The Audubon Nature Center’s 2016 “Small Wonders” Calendar features close-up photos of natural events by local photographers, as well as things to look for and learn about each month.
The wonderful thing about working with children is that they are short and curious. This amazing combination can lead to amazing discoveries. Children are less inclined to walk past something without looking at it. They notice low to the ground things that taller people walk past. More importantly, they ask questions, often horrifically unanswerable questions, about the things they are seeing.
Sometimes it can be hard to walk with kids, since they alternate between running like a cheetah and poking along slower than any slug. When they are poking and exploring, they find things that are stunning: an alien landscape of gray towers, a stunningly beautiful mushroom, a tiny bird hopping in a bush or an animal that is lying unexplainably deceased in the forest. My daughter found green blobs on a log last week that resist identification and understanding.
It is in honor of the excitement and curiosity with which children take in the little things that we created the 2016 Small Wonders calendar. This natural history calendar features close up views of things that are common in the area, but easily overlooked, especially by tall people walking with purpose through the woods.
The Small Wonders calendar is dedicated to the tens of thousands of children who have made us stop and take a closer look at things over the years.
A variety of naturalists and photographers have contributed to this year’s calendar. Audubon naturalists, who all spend time outside exploring and looking at new things, all have photos in the calendar. Photos by Jennifer Schlick, Jeff Tome, Sarah Hatfield, Katie Finch, and Kim Turner are spread through the calendar in full size photos and smaller photos about what is happening each month. Other photographers include Laurie Dirkx, a Rochester photographer renowned for her stunning nature shots, and Alex Shipherd, a local college student whose steady hand, patience, and eye for a good shot have made him quickly stand out as an excellent photographer.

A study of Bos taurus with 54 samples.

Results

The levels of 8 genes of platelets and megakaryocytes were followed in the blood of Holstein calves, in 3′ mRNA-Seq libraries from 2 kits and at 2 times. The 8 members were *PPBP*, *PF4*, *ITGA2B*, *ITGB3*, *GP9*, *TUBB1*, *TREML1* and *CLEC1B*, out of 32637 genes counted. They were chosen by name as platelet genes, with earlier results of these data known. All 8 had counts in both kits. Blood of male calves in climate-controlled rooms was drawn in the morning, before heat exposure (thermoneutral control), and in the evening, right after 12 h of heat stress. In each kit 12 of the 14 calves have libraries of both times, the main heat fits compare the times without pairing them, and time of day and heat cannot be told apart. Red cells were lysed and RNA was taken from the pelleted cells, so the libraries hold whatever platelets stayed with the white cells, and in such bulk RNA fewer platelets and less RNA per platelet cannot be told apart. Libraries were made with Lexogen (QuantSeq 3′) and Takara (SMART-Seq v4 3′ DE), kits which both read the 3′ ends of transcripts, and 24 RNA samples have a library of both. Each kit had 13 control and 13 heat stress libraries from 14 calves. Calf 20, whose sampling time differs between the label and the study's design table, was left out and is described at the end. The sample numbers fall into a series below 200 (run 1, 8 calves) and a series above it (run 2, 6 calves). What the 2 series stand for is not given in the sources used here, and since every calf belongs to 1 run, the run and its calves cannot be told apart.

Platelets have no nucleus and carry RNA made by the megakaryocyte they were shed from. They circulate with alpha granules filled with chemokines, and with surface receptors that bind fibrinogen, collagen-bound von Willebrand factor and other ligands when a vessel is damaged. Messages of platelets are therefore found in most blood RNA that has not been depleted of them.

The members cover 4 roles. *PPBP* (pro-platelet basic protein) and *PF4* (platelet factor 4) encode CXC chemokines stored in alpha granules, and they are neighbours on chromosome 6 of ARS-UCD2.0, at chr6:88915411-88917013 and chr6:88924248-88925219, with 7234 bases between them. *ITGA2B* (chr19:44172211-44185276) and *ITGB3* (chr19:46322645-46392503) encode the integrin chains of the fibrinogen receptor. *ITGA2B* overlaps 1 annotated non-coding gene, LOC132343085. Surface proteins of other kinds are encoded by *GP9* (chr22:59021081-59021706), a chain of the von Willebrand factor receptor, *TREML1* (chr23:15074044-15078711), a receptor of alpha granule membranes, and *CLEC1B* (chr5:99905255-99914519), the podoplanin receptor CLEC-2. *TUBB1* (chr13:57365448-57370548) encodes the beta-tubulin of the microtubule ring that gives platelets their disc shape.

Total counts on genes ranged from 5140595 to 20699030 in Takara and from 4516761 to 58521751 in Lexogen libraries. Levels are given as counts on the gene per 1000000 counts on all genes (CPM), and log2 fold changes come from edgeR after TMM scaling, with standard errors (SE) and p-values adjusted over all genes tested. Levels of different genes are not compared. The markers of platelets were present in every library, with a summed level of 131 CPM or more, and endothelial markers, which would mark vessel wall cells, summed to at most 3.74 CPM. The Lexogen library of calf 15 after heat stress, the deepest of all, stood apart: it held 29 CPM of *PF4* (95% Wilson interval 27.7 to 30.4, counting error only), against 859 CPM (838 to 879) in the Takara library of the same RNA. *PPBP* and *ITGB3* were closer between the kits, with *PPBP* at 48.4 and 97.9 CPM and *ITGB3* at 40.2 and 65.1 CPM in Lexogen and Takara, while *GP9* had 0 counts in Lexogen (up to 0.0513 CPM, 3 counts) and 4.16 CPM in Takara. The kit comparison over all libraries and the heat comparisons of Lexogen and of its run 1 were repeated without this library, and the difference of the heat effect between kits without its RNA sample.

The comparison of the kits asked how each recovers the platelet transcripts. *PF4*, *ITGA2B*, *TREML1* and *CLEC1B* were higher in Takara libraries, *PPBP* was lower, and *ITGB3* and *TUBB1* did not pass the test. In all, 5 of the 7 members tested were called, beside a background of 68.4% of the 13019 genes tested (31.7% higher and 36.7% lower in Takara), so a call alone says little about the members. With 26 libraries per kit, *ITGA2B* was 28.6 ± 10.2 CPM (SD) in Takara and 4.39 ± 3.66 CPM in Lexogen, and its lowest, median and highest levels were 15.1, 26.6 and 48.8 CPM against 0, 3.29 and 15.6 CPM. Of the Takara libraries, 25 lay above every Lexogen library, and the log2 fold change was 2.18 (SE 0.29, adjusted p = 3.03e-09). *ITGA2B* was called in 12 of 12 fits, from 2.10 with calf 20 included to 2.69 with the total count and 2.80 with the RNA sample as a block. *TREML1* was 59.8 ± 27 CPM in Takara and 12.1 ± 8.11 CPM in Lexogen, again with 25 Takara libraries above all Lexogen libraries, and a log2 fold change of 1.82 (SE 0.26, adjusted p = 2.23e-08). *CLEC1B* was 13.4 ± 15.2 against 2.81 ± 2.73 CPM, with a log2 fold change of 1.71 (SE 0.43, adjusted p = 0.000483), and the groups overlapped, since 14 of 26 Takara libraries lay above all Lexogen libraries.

The calendar not only tells you days and dates, it is also full of information about what is happening outside each month. For example, this month, thousands of birds are flying over our heads as we sleep each night. They fly from points north to points south. Some stop and spend the winter here, others fly overhead and we never know it.
Other things migrate too. Large dragonflies and bats move south in the fall and return in the spring, sometimes in huge numbers. I have seen over 1,000 bats at a time flying through the sanctuary, some with 17 inch wingspans. One dragonfly, the Green Darner, has even achieved celebrity status in a children’s book where it migrates from Sherman, NY to Florida. (The book is “A Dragon in the Sky”, if you wish to read it.)
The featured May photo in the Small Wonders calendar is Jennifer Schlick’s Painted Trillium, which is one of four local trilliums blooming in May.
Some natural events happen without fanfare or notice. The first spring rains drive many people inside, but it draws out many cartoonish salamanders who walk up to a mile through the rain to mate and lay eggs in pools of snow-melted water. Spring Peepers and Wood Frogs make the same trip, creating pockets of noise and activity in the spring night.
Many things that make it into the calendar are brought on by questions people have had. When do I put out my hummingbird feeder? When should I take it down? What time of year should I start feeding the birds if I don’t feed them all summer? When do the fireflies start to flash?
The 2016 Small Wonders calendar is not only beautiful, but full of fascinating nature that is happening right outside. The calendar costs $20 each, but is discounted to $18 for Friends of the Nature Center members. The calendar is designed and printed locally. Proceeds from the calendar benefit the education programs at the Audubon Nature Center.
The Audubon Nature Center does educational program in schools throughout the region. This time of year the naturalists visit schools from Sheffield, Pennsylvania in the heart of the Allegheny National Forest to Forestville, New York near the shores of Lake Erie. Last year, those programs connected with over 16,000 students at their schools. Many students had visits from naturalists two, three, or four times, where they learned more about how the world around them works. Naturalists teach age appropriate topics ranging from the seasons to what animals do in winter to food chains and watersheds.
The calendar is available at the Audubon Nature Center at 1600 Riverside Road, just off Route 62 near Jamestown, NY. It can also be purchased online at https://jamestownaudubon.org, where there is additional information on programs and events at the nature center.
Jeff Tome is a naturalist at the Audubon Nature Center.